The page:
In the wake of revelations that Facebook shared data from millions of users with companies working on election strategy, local experts point to Lebanon’s lack of legal protections around information as troubling ahead of upcoming elections. “There is no law specifically [for] data protection in this digital age [in Lebanon],” Mohamad Najem, director at the nonprofit organization Social Media Exchange (SMEX), told The Daily Star. “So, any project related to citizens’ data that gets implemented by the government or a private company has the potential to breach personal data protection norms. The latest example is the data for expats voters.”
Lebanese expatriates were able to register to vote from abroad for the first time for the May 6 parliamentary elections through a purpose-built Foreign Ministry website.
However, the site did not alert visitors to the “cookies” being collected. Cookies allow their owners to track web users’ habits, effectively building up a profile of each user that can then be sold to advertisers.
Najem said there was a push in Lebanon for a law solely for data protection and for the establishment of “a committee that has the power to track and observe all the governmental projects around data collections.”
The recent reports that Facebook share the personal data of millions of users with the data mining and analysis company Cambridge Analytica and others have given new impetus to the debate.
The scandal resulted in Facebook founder Mark Zuckerberg appearing before the United States Congress last week to answer questions on his company’s use of personal data.
“I am glad this happened publicly because now everyone is informed that this is an issue, and we need to do something about it,” Najem said of the revelations and the subsequent fallout.
The data was reportedly used by Cambridge Analytica to improve targeting of specific demographics to maximize advertising power in the lead-up to the 2016 U.S. presidential elections.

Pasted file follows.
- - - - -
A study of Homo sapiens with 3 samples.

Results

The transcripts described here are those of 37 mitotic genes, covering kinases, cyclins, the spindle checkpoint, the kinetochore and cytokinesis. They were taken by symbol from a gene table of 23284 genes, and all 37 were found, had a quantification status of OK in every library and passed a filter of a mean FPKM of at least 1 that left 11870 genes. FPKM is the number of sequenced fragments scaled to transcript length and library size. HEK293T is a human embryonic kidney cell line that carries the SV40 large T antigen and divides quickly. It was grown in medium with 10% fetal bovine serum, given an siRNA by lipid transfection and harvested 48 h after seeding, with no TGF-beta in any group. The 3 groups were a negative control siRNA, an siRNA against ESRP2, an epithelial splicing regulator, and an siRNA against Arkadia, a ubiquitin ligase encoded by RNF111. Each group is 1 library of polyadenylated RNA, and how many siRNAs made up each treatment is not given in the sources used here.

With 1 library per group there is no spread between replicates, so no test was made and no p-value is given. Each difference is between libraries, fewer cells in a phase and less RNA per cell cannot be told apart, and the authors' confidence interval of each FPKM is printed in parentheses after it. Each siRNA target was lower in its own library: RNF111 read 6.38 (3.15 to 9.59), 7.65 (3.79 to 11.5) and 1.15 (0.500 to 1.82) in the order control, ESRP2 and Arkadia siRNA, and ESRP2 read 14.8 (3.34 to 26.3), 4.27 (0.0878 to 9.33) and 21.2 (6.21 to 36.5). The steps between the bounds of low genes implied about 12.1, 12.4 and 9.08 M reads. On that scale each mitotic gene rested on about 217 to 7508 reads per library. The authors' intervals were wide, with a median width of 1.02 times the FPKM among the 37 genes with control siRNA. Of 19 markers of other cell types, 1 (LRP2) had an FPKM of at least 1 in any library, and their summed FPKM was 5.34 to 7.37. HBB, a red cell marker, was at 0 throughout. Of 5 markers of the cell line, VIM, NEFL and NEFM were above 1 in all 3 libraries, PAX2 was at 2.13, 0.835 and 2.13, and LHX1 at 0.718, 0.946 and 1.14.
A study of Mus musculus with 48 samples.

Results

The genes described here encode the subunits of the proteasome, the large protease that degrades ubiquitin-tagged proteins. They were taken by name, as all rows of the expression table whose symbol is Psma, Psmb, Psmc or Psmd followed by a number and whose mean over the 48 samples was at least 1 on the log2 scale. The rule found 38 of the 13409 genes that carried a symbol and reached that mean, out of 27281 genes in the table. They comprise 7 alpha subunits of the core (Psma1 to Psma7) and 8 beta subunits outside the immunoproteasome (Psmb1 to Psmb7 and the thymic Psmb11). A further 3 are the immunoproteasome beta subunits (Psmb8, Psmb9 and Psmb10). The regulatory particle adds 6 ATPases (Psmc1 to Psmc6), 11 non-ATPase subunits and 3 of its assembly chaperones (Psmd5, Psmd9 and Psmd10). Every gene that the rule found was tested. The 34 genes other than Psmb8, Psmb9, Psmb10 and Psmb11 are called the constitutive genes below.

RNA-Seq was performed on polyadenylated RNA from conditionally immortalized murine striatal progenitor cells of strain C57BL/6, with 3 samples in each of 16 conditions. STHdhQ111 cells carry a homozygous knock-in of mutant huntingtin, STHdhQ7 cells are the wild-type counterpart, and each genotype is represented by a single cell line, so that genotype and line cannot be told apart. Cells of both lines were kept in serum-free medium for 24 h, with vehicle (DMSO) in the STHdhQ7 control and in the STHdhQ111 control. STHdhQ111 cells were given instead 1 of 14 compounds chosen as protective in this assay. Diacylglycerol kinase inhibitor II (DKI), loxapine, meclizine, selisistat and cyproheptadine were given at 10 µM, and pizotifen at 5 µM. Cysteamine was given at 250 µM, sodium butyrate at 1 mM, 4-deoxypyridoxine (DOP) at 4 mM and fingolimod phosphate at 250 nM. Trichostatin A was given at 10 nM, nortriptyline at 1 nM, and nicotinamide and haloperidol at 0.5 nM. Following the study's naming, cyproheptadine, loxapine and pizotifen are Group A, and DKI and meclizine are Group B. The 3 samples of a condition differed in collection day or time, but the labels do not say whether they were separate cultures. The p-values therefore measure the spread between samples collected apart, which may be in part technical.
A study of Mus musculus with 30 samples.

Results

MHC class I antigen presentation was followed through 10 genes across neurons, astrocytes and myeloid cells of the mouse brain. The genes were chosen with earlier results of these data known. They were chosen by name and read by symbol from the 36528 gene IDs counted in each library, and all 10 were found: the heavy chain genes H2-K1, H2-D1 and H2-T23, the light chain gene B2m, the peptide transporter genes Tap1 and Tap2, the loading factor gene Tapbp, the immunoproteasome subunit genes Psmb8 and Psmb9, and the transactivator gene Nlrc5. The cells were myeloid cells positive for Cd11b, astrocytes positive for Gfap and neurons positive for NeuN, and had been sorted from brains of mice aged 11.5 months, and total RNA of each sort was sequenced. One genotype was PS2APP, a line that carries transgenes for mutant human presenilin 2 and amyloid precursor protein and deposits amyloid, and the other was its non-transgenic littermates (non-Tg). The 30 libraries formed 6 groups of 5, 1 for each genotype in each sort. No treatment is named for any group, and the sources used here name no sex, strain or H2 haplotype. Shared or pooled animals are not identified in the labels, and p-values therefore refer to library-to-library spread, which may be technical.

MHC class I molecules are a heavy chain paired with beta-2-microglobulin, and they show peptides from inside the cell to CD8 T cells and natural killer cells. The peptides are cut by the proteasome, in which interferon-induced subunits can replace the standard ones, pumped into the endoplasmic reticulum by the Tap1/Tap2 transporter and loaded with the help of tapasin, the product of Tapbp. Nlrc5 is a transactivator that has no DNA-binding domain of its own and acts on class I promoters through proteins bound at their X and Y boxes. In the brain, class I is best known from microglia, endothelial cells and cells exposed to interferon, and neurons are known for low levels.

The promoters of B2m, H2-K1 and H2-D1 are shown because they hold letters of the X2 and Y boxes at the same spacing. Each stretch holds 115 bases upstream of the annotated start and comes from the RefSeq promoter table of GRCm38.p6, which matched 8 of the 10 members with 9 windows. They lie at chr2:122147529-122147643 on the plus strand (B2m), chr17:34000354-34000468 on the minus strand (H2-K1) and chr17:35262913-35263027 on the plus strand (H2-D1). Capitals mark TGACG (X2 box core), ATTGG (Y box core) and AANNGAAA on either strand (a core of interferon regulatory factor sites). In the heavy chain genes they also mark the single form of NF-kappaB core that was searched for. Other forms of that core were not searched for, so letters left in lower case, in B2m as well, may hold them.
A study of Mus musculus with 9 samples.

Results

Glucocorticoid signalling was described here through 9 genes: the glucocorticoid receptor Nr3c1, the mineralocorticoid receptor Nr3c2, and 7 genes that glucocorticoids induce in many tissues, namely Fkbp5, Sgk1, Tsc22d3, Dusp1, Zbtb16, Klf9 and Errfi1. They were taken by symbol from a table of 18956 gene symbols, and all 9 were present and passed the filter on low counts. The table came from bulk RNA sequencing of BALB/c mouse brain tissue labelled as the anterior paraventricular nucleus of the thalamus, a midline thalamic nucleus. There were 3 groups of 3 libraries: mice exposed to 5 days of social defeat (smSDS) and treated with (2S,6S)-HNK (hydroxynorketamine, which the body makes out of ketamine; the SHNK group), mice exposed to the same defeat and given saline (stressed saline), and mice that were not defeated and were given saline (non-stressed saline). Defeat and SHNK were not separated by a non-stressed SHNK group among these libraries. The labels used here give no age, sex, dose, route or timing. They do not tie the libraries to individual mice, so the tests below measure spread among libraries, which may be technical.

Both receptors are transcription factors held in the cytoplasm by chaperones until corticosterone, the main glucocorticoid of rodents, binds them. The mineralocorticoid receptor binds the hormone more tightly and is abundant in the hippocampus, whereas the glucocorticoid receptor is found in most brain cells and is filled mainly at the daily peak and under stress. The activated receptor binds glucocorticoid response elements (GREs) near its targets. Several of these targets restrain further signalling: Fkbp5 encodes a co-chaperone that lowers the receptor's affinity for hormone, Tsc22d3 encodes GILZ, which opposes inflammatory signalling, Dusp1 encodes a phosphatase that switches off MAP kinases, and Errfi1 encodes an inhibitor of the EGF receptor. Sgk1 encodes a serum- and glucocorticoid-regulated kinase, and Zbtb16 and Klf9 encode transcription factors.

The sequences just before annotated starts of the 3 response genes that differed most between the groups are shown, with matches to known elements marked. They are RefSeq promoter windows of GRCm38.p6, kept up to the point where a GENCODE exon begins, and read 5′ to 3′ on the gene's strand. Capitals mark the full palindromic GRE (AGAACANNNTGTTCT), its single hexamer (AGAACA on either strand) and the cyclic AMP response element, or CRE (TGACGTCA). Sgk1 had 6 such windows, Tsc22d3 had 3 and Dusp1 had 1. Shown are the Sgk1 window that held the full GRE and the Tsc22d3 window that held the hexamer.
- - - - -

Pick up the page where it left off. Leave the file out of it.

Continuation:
Issues that have emerged surrounding data protection have sparked debates in the U.S. and the European Union around how best to manage the abundant information people put online. This has led the EU to undertake the drafting of a comprehensive data protection bill that will come into force on May 25.
However, the reaction in Lebanon has been muted, despite the large number of Facebook users in the country. According to a 2017 survey on media use in the Middle East by Northwestern University in Qatar, some 77 percent of Lebanese have a Facebook account and some 90 percent use WhatsApp. However, data protection is not on the Lebanese public agenda, even as the country’s first parliamentary elections in nine years approach.
The survey also found that about half of Lebanese internet users are worried about companies or the government checking their online actions but only 2 percent had stopped using their real name and only 4 percent had changed their privacy settings.
“It seems like a very trivial topic compared to all the serious problems Lebanon is facing,” Sara Mourad, assistant professor of media studies at AUB, told The Daily Star. Although she insisted it was an important issue, she said many users might not be aware of the extent to which their data is shared.
“We really have to think about regulations,” Mourad said, adding that the problem was not restricted to private companies, but that politicians too can use security issues as an excuse to chip away at privacy rights and collect data.
For instance, any data collected by the Lebanese Telecommunications Ministry via mobile providers Alfa and Touch is often shared with other government entities without notifying users.
In April 2017, Cabinet agreed to extend a system to share telecoms data with security agencies.
Joyce, a Lebanese artist who uses Facebook regularly and wished to only be identified by her first name, told The Daily Star that she wasn’t aware of potential risks of sharing her personal information on social media. “Data protection? I never thought about that. But I only share things I want to share so it is not a problem,” she said.
International experts covering the latest Facebook scandal have pointed out that many people like Joyce may not realize that even if they are not posting political or private information about themselves to their social media accounts, companies are still able to gather this kind of data.
The director of SMEX explained that “we can – to some extent – protect our data, but the main issue is that companies like Facebook, Google and others are tracking us online and use our data. They can fix this, not us.”
As Josh Carney, assistant professor in the department of sociology, anthropology and media studies at AUB, explained, this data is used for individual targeting.
This is a technique through which companies try to sell their products more effectively by advertising items or services to people with matching profiles. According to Carney, the current Facebook scandal suggests that this can be extended to voters and swing public opinion.
Personal information has long been collected offline through polling and market research and then used to improve targeted corporate advertising as well as by political parties to swing elections.
However, Carney said the collection of data online has more far-reaching consequences and raises the question of whether future elections will be won or lost on the back of data mining and analysis resources.
This article has been adapted from its original source.